By Mark Saldana

Rating: 3.5 (Out of 4 Stars)

Written and directed by and starring Mark O’Brien, this haunting psychological horror film deals with guilt (particularly Catholic guilt) and how that feeling can eat away at one’s soul. Henry Czerny stars as Frederic Mason, an ex-priest who lives with his beloved wife Ethel (Mimi Kuzyk) in a quiet and mostly uneventful life away from the hustle and bustle of mainstream society. Federic, however, has never been completely happy ever since leaving the priesthood. He has always been haunted by some of his sins of the past and often feels cursed, as his new life has offered him mostly heartache and tragedy.

Recently, Frederic and Ethel suffered a massive tragedy with the death of their adopted daughter. As the two continue to deal with the grief of this loss, a mysterious stranger enters their lives. On one particularly dark night, Frederic discovers an injured and lost man named Aaron on his property. Though he doesn’t completely trust him, Frederic feels that he should take him in and offer him assistance. As Frederic and Ethel get to know him, they feel they can trust the poor, unfortunate soul and allow him to stay in their home until better. Aaron eventually reveals that he represents the wrath of God and that he is there to collect the debt that is owed by Frederic.

Mark O’Brien has made a truly remarkable film with The Righteous. The film offers audiences a compelling and utterly unnerving and often disturbing character study in Frederic as he wrestles with his demons, guilt, and problems of faith. O’Brien has not only written a fantastic script, he also shows some impressive skills as a director with his presentation of this dark and forboding tale. Working with cinematographer Scot McClellan, the film looks amazing in stark black and white, which feels absolutely perfect, given the themes and subject matter of the story.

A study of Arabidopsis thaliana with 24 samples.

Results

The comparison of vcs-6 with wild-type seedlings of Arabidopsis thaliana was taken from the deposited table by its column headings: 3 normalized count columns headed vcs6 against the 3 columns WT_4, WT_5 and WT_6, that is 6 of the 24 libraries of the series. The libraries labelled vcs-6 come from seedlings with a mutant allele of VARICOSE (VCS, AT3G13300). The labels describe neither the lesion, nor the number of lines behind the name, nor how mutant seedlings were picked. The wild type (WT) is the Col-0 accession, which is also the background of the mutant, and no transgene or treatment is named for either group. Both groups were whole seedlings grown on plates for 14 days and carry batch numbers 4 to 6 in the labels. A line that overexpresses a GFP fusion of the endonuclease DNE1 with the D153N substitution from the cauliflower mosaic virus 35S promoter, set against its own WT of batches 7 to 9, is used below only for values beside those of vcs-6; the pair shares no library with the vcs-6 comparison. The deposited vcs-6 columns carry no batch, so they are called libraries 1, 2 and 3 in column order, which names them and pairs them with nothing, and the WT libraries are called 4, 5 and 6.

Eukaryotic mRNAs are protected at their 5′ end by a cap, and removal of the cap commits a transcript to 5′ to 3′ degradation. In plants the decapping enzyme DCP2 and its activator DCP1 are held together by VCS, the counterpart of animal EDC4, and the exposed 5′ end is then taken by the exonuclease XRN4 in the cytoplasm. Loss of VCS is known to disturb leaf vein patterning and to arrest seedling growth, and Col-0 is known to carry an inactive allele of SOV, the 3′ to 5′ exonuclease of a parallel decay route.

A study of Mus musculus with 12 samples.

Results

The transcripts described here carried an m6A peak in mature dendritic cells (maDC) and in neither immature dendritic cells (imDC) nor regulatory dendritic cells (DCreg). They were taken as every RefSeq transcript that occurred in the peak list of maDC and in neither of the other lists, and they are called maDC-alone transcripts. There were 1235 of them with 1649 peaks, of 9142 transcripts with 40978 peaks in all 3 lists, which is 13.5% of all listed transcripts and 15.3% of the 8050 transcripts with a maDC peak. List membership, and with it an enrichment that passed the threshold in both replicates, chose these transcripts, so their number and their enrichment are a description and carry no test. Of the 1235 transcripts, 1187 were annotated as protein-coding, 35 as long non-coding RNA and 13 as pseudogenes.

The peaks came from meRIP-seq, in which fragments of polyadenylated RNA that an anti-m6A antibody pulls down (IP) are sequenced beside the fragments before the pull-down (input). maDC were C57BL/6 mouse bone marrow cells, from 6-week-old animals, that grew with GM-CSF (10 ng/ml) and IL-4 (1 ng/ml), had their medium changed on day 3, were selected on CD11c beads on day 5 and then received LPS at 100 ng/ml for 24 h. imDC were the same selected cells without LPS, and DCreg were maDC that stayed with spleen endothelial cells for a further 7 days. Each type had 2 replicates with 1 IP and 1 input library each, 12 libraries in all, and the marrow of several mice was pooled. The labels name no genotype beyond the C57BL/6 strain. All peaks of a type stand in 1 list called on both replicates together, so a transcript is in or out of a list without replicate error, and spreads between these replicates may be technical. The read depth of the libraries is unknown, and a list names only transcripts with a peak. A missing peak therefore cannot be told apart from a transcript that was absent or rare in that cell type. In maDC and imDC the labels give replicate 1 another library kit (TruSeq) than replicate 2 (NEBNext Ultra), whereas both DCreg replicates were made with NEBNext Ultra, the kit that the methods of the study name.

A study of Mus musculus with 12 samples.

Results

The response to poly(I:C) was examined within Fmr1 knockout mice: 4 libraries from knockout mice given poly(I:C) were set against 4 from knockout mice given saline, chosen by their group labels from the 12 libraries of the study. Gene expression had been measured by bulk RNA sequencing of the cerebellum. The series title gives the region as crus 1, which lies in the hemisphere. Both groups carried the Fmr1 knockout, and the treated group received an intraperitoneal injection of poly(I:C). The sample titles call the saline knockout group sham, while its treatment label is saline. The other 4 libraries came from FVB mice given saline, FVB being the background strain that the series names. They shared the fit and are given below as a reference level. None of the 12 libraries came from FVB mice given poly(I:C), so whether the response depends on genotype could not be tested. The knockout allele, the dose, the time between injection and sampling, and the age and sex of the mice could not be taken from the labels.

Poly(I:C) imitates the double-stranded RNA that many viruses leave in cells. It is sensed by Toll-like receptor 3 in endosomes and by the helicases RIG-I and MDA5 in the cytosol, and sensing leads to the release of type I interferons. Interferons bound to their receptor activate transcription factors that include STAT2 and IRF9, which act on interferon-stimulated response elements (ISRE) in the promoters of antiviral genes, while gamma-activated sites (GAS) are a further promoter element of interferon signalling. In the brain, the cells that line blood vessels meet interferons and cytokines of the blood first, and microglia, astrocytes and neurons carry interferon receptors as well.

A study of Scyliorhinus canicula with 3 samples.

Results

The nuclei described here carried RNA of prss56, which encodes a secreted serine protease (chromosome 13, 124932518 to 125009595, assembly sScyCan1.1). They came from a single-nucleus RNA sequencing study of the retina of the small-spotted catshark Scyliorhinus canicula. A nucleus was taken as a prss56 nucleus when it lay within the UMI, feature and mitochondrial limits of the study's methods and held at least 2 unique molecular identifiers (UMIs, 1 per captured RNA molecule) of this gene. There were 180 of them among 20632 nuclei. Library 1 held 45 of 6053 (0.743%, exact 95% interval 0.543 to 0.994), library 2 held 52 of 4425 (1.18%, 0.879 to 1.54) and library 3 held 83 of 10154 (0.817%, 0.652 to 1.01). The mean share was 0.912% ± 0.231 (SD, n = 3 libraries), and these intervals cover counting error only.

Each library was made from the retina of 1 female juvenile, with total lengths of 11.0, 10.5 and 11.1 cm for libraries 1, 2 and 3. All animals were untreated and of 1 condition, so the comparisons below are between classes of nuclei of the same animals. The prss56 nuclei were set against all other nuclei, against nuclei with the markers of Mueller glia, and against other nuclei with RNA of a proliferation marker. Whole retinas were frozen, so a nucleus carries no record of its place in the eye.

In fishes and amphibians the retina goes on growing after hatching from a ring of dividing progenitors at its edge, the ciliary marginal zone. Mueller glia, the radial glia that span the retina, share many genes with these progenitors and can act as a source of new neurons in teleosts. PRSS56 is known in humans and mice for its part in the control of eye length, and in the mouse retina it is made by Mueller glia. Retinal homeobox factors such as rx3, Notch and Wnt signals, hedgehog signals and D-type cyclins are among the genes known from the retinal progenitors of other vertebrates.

As well written as it is and as extraordinary as the cast performances are, the movie shows that this story and script could make for an amazing stage play. The film features phenomenal performances by Mimi Kuzyk, Henry Czerny, Mark O’Brien, Kate Corbett, and Nigel Bennett. I cannot honestly see anyone else portraying these roles, and if it were to be adapted for the stage on Broadway, I would just love to see these people reprise their roles.

The Righteous is definitely not feel good material and not popcorn, escapist cinema, but it is certainly a powerful piece of cinema that deserves much respect and admiration. I would love to see more work from Mark O’Brien as a writer/director and hope that this movie leads to more work behind the camera.